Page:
How Flying Food Group is growing with the times
This is a special feature from PAX International's April World Travel Catering and Onboard Services Hamburg 2020 edition.
With the year 2019 winding down, Chicago-based Flying Food Group put the final touches on a year that saw expansion and infrastructure improvements like no other time in the caterer’s 37-year history.
When the decade ended, Flying Food Group had spent more than US$100 million to retrofit and upgrade operations at units from the East Coast to Honolulu, all while prepping for the opening of its new unit in San Francisco later this year.
It may be happening just in time. The US is still the largest commercial aviation market in the world. It is a sure bet that the international airlines Flying Food Group has built its reputation on serving will grow and expand networks, knocking on the door of major cities in the United States. Though international travel has slowed recently due the coronavirus outbreak, the demand for airline catering is expected to grow significantly from now to 2025.
By the halfway point in this decade, the worldwide airline catering industry is expected to hit US$24.75 billion in annual sales, according to a report from ResearchAndMarkets, a well-known industry watcher. In this period, it will increase at a compounded annual growth rate of 5.7 percent in lockstep with increased business and leisure travel.
“Airline caterers are increasingly making efforts to match passenger expectations, in terms such as collaborating with celebrity chefs for creating multicultural and customized menus,” said a preview of the report.
The latter demand falls neatly into Flying Food’s unique capabilities. For decades, Flying Food Group has sought to create menus for a diverse group of international customers flying into the United States. To meet future demand, more than 140,000 square-feet of operational space has been added at three units. At facilities in both Honolulu and Los Angeles, Flying Food streamlined operations by integrating two catering units into one. At Honolulu Airport (HNL), the company launched a major program with All Nippon Airways catering two A380 flights per day. The A380 service launched May 2019 and expands to daily flights in July. The double-deck, 520-seat aircraft is fitted out with passenger bars and multi-purpose passenger area.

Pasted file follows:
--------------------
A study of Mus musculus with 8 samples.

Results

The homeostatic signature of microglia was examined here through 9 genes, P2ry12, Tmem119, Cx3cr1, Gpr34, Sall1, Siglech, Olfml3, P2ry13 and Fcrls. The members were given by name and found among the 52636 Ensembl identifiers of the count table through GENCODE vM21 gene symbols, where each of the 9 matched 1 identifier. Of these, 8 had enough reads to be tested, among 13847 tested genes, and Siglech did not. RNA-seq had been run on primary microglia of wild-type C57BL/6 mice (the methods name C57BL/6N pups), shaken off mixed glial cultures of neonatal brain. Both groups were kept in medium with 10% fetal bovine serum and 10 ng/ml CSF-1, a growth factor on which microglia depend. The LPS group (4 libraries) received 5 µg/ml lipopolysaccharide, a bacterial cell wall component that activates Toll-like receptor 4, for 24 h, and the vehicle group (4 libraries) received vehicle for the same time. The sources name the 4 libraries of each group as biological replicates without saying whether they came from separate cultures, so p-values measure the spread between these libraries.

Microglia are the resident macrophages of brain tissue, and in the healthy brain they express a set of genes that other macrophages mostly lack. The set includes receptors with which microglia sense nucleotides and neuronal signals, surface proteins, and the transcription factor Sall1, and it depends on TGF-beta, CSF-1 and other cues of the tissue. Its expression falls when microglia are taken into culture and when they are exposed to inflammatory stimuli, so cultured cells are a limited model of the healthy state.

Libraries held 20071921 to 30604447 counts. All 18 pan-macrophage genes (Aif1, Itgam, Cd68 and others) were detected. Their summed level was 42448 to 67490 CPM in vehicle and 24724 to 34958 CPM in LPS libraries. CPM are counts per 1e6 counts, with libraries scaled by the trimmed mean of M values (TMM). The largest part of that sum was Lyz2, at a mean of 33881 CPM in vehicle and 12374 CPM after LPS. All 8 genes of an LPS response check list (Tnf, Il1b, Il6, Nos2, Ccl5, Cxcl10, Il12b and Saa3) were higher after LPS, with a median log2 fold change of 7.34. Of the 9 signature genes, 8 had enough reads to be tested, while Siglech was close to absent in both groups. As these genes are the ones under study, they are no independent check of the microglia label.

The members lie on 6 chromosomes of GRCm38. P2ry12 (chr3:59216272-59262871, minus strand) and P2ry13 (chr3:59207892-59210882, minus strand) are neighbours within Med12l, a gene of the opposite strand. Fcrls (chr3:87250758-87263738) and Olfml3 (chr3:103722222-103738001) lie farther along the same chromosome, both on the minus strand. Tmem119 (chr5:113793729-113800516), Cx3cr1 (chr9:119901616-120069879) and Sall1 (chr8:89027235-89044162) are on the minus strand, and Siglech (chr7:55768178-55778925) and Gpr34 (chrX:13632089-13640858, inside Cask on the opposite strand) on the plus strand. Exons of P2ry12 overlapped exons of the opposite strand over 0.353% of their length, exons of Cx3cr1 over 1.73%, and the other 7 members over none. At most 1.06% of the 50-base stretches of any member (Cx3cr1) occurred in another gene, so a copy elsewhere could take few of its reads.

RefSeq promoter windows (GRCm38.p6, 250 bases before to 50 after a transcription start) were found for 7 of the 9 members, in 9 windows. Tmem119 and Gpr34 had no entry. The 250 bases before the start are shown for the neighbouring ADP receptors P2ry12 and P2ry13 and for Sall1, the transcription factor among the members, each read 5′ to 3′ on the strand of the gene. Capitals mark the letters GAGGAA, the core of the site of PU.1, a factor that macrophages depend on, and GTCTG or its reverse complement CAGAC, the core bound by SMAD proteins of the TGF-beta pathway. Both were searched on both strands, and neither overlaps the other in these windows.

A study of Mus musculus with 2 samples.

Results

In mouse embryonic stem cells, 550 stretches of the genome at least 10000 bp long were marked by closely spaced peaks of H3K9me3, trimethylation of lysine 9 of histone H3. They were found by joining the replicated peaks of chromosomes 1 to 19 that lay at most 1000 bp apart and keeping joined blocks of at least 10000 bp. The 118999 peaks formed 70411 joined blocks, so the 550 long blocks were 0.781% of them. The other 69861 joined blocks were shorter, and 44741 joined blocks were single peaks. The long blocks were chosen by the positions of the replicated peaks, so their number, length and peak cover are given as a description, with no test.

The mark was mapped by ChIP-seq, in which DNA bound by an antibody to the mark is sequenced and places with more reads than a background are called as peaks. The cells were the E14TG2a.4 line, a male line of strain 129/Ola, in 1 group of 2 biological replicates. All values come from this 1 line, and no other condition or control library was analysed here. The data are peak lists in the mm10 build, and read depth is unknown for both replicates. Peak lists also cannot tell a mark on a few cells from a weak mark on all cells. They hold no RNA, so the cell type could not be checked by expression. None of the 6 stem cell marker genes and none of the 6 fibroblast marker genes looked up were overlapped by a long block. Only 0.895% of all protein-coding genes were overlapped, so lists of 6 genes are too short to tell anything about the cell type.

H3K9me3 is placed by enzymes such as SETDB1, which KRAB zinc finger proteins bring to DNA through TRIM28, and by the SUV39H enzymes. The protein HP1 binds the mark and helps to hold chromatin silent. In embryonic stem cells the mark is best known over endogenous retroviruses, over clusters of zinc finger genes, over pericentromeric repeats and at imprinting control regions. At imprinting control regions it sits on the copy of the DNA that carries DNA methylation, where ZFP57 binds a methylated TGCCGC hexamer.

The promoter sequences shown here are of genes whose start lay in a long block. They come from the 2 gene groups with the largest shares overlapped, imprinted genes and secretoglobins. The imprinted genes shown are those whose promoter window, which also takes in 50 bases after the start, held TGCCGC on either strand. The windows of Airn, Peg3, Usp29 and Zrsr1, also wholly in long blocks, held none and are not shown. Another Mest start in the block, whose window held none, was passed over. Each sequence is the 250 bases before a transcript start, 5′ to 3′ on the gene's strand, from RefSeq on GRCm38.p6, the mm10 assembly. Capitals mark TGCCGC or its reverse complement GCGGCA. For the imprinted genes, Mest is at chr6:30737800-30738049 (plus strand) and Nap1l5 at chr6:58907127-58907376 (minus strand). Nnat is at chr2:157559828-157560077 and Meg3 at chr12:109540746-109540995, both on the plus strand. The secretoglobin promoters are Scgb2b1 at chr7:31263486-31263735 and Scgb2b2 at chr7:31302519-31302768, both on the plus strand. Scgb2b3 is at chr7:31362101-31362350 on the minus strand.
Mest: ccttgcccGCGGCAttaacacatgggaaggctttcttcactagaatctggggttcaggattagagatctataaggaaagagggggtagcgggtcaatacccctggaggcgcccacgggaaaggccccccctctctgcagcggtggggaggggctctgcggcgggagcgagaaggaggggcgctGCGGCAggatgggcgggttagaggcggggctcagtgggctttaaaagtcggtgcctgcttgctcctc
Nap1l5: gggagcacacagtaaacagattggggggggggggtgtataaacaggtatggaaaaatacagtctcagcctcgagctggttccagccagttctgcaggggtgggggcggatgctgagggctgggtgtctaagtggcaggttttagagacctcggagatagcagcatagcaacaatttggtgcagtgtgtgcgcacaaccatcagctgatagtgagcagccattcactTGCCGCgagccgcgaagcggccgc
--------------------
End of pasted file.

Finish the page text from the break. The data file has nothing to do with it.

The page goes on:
During the course of 2019, Flying Food Group announced new and expanded customer relationships that will have its team of chefs producing meals for Asian, North African, Italian and Turkish travelers, all looking for a taste of home on their return trip. Most recently the company announced in February it is now catering Irish flag carrier Aer Lingus at six locations in the United States for the airline’s service to Dublin.
Aer Lingus has been a customer at Flying Food Group’s Hartford facility (BDL) since 2016. Early this month, Aer Lingus switched to Flying Food Group catering at: Chicago (ORD) for two daily flights; Miami (MIA) for three flights weekly; Orlando (MCO) for four flights weekly (six flights weekly in summer); Seattle (SEA) for five flights weekly and Washington D.C. (IAD) with one flight daily.
Millions for improvements
To set up for the expected renovation and development, Flying Food Group planned for two years, Nicolas Rondeau tells PAX International. Rondeau is the Executive Vice President of Airline Sales and Marketing. Permanent and regional contractors were called on to do the work at four stations. And all of it had to be done without missing a meal or a flight.
“The coordination between our local operations team and the construction companies on how the work would advance was a key factor to making it a success,” says Rondeau. One example was at Flying Food’s new unit in Honolulu, which is across the street from the old unit. The project was completed in phases when possible, but the final changeover had to take place overnight. The new unit at HNL opened in March of last year. The new single unit at HNL handles airline and retail customers through a 90,000 square-foot facility. Among its largest customers is the aforementioned All Nippon Airways and Hawaiian Airlines.
Another place where Flying Food consolidated two facilities into one was at Los Angeles International Airport (LAX). The unit opened in December of 2019 at 100,000 square feet which added 30,000 square feet to the caterer’s capacity in the big market.
In addition to completing a new halal kitchen at MIA in October of last year, Flying Food Group added efficiencies and upgrades in production areas and additional storage. The hot kitchen was expanded to allow halal meal production and other specialty menus for the many international airlines that fly out of MIA. The unit at MIA is one of Flying Food’s “hybrid” kitchens combining airline catering with the company’s Fresh Food Solutions retail catering arm. Fresh Food Solutions provides private label packaged foods and ready-to-eat meals in several markets.
The next big completion is expected to happen in late March or early April. That’s when Flying Food is scheduled to go through full replacement of its catering unit in San Francisco. Like the others, SFO will have design efficiencies and an additional 20,000 square feet of production “that represents the best in design and workflow,” according to a description of the new unit.